Legally blind student urges graduating class never to quit

Jimmy Harwell, a legally blind communication major from Gastonia, sits at the soundboard for WWCU-FM, the broadcast service of WCU, with his academic adviser, Don Connelly, director of broadcasting and associate professor of communication.

Jimmy Harwell, a legally blind communication major from Gastonia, sits at the soundboard for WWCU-FM, the broadcast service of WCU, with his academic adviser, Don Connelly, director of broadcasting and associate professor of communication.

Western Carolina University senior Jimmy Harwell, who temporarily abandoned his goal of earning a college degree after he began to lose his eyesight, urged his fellow graduating students to remember that there is always a way to succeed, as the university held fall commencement Saturday, Dec. 16.

Assisted to the podium at Ramsey Regional Activity Center by his guide dog, Mr. G, Harwell delivered the primary commencement address to approximately 500 candidates for undergraduate and graduate degrees.

“One of the things I have learned at Western is there is a way, and we can make it,” said Harwell, a communication major from Gastonia.

Harwell delivers the primary commencement address accompanied by his guide dog, Mr. G.

Harwell delivers the primary commencement address accompanied by his guide dog, Mr. G.

“After two semesters here, I felt that something was just not right. My vision was getting fuzzy, and I felt like I needed glasses,” said Harwell. “I went for a regular eye exam and got the shock of my life. I was diagnosed with a rare gene disorder. I was going to lose my vision.”

He returned to Western, but did not ask for help although he could not see his books or tests clearly.

“I did poorly and struggled with my studies,” Harwell said. “When the spring semester was over, I told my family and myself ‘that was it.’ I was done with school.”

Harwell said a physician suggested he could probably learn to bag groceries near his home.

“I was as low as I could go – no direction, no job and, worst of all, no hope,” he said.

A meeting with a woman named Rene Abernathy, however, changed his life, and helped him discover his independence. He completed 26 days of intensive training at Guiding Eyes in Yorktown Heights, N.Y., and came home with Mr. G, a new friend and constant companion.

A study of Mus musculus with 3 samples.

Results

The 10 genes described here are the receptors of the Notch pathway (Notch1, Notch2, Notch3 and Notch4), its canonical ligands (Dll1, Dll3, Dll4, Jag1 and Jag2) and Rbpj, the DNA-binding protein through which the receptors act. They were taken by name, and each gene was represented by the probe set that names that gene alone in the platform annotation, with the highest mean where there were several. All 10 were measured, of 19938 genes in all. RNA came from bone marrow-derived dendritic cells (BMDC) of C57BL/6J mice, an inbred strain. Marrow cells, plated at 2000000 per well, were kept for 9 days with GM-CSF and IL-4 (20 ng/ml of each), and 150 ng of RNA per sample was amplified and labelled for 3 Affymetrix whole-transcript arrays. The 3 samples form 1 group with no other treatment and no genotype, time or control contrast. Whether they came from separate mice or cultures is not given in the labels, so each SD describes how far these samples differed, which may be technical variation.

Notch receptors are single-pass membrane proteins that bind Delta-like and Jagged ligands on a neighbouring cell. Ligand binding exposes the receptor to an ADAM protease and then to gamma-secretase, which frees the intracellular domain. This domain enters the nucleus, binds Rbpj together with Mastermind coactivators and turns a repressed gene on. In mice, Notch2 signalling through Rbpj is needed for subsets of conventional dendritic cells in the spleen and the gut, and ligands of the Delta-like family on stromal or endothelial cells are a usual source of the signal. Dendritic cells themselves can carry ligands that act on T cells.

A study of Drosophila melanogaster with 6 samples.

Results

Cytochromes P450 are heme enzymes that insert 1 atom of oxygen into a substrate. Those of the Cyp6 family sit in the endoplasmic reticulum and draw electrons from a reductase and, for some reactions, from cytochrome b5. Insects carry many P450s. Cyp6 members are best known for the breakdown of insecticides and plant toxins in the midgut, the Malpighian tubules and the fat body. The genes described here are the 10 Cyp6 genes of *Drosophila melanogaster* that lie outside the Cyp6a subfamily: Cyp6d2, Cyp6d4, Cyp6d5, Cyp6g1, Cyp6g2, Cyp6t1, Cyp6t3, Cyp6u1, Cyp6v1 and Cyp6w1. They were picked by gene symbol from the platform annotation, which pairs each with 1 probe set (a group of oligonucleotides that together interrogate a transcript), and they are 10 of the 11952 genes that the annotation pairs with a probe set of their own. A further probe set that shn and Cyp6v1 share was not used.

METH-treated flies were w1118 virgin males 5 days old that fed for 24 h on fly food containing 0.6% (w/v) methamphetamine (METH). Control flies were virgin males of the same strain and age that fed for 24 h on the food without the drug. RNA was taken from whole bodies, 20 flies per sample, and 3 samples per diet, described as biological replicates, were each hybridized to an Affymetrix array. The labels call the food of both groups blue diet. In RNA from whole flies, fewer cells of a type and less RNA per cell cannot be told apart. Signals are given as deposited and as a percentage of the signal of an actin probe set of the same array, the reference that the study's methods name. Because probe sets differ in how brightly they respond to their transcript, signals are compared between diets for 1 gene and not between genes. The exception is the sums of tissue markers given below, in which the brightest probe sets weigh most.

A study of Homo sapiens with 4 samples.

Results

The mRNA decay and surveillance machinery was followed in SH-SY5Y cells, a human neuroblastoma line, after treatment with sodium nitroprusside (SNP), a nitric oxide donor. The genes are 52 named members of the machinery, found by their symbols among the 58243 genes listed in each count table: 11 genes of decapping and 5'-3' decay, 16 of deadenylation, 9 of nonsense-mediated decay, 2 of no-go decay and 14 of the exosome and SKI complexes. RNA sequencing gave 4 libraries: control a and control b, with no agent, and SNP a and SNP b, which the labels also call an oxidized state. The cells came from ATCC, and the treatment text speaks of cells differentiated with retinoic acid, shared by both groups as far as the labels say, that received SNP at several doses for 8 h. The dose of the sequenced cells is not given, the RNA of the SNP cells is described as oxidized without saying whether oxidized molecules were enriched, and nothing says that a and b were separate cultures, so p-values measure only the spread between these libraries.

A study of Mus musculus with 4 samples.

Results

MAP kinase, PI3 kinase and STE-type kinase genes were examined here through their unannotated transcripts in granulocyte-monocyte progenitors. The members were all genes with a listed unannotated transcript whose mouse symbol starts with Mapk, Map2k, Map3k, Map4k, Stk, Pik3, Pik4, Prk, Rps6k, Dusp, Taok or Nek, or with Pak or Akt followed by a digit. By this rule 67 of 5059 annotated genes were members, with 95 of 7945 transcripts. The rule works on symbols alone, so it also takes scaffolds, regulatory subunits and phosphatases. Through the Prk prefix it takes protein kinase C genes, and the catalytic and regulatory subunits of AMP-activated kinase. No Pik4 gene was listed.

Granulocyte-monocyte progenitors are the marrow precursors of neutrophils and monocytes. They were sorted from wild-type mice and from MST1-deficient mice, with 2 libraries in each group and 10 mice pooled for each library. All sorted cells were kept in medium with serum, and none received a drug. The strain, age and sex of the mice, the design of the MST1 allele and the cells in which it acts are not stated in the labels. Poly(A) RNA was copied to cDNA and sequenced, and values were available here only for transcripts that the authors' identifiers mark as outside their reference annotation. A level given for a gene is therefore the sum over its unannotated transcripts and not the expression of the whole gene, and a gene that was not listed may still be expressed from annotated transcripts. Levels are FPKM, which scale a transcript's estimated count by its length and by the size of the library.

The pair returned to Western, and this time Harwell asked for help and sought the advice of Don Connelly, director of broadcasting and associate professor of communication.

“I told him his options in radio were wide open,” Connelly said a few days before the commencement ceremony. “Many visually impaired people have had careers in radio, and I know he really enjoyed his internship this summer at the Clear Channel group of stations in Charlotte.”

As part of the internship, Harwell worked alongside the producer for the nationally syndicated morning show “John Boy and Billy.”

“Jimmy can go anywhere and do anything he wants to,” Connelly said.

Harwell told the audience of graduating seniors and their families that he would miss the people at Western, but that he had plans for his future. He plans to seek a job in the radio industry in Charlotte.

“To that doctor in Charlotte who told me I could learn to bag groceries, listen carefully: My name is James L. Harwell. I have a degree from Western Carolina University, and I will go anywhere and do anything I set my mind to,” Harwell said.

Harwell was selected as the commencement speaker through an essay contest.

In congratulatory remarks to the graduating students, Chancellor John W. Bardo said he was proud of their achievements and reminded them that Western is theirs for life.

“Your university is changing, and you contributed to making it a better institution,” he said. “My colleagues and I look forward to following your progress as you make a difference in this world.”

A complete list of graduates will be announced following the posting of grades from final examinations.